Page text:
You’ve probably spent many weeks trying NOT to think about birth and labour but now it is time to make plans … a birth plan!
32 weeks pregnant – development guide
Now is a good time to think about writing a birth plan, outlining what you would like to see transpire in every possible scenario during the birth. You should discuss this with your healthcare provider to ensure that they are willing to agree with and follow your choices.
It is also a good idea to confirm your birth support person/people are still happy to be a part of your baby’s birth and to get them to undertake a couple of practise runs of the drive to the hospital, bearing in mind traffic will differ at different times of the day. Even if a homebirth is your preferred birth option, you should still be aware of the quickest route to medical assistance, in case it is needed.
Braxton Hicks contractions may be more common now, as your body prepares for birth. If you feel the contractions are becoming stronger and more severe in pain, contact your healthcare provider or head into your maternity hospital to be checked.
Sized at approximately 40cm in length (head to rump) your baby now weighs around 2.1kg. With less room to move, your baby, who is sleeping up to 95 per cent of the time, will still have some very active periods, and usually in the early morning.
That combined with pressure on the bladder means you will have disrupted sleep, but on the upside, this is an important training step in motherhood, preparing you for night feeds once your baby is born.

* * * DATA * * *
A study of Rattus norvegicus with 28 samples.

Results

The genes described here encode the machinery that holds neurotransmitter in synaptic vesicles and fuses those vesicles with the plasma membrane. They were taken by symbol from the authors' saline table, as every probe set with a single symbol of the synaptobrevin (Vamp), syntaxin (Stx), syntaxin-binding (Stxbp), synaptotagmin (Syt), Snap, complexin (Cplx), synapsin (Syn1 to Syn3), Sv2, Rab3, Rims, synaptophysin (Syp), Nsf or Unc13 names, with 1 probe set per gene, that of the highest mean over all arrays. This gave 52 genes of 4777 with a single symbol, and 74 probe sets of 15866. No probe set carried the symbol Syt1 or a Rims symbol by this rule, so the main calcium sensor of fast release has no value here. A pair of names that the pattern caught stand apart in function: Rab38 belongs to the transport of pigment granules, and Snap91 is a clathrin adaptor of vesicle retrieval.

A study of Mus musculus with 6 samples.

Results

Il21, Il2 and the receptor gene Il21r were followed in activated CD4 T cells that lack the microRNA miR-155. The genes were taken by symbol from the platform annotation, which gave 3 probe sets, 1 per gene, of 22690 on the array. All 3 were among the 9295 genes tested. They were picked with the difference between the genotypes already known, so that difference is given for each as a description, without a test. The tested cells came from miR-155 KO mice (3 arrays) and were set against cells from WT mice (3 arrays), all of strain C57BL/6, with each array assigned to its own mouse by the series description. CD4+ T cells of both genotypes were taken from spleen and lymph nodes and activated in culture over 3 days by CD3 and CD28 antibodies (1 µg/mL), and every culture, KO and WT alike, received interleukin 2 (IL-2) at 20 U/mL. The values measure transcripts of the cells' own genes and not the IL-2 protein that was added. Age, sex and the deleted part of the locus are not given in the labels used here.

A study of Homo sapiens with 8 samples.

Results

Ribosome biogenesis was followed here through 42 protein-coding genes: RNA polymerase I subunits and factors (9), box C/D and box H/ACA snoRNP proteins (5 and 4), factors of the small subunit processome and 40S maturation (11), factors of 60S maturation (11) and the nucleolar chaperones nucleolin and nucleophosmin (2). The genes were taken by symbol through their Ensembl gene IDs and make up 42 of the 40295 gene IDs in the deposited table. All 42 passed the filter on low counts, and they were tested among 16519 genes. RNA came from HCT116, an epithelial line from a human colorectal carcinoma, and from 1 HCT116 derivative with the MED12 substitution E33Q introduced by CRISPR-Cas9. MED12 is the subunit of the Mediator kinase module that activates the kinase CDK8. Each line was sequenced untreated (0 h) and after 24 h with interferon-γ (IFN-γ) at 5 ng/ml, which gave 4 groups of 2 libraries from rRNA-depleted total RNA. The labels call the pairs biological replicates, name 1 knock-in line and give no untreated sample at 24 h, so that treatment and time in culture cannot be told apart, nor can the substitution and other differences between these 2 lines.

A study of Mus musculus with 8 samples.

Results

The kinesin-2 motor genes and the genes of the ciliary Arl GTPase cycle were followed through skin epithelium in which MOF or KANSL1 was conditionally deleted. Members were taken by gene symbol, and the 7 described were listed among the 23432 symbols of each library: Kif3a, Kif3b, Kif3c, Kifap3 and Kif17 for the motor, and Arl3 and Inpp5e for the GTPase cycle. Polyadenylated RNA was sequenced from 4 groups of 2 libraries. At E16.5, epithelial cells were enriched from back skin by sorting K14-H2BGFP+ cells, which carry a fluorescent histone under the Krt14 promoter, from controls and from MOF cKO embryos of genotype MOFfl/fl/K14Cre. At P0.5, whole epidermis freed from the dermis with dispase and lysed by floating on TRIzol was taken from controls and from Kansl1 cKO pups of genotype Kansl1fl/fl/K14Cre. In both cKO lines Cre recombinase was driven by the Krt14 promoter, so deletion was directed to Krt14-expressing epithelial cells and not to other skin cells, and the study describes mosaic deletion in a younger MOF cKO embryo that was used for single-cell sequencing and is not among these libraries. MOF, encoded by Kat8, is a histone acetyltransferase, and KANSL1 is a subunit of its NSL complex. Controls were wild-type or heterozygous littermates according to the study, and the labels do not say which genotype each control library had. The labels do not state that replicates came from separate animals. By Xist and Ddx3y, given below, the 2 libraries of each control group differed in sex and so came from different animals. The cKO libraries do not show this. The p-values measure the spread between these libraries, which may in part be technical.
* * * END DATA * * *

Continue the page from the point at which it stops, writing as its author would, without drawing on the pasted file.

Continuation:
3 things to do now you’re 32 weeks pregnant
Write your birth plan
A birth plan is basically a brief and flexible list of your preferences during labour, birth and those first hours with your new baby. It should include things like preferred pain relief methods, foetal monitoring methods, birth preferences, skin-to-skin, and a contingency plans. Download and print out birth plan template which also features more information on how to write your birth plan.
“You did WHAT with your placenta?”
“Until becoming pregnant I had not even considered the placenta. But as my pregnancy progressed and I became more intimately involved in my body I developed a huge respect for this amazing organ that was growing and sustaining my baby. To just throw it away was something I could not accept.” Read one woman’s experience with placenta encapsulation.
Hire a birth photographer
If you’d like to hire a professional photographer to capture your baby’s birth check out our directory to find a birth photographer in your area.
This content is meant as a guide only. If you find anything worrying or unsettling, or experience any bleeding or spotting, contact your local GP, obstetrician or an emergency healthcare provider immediately.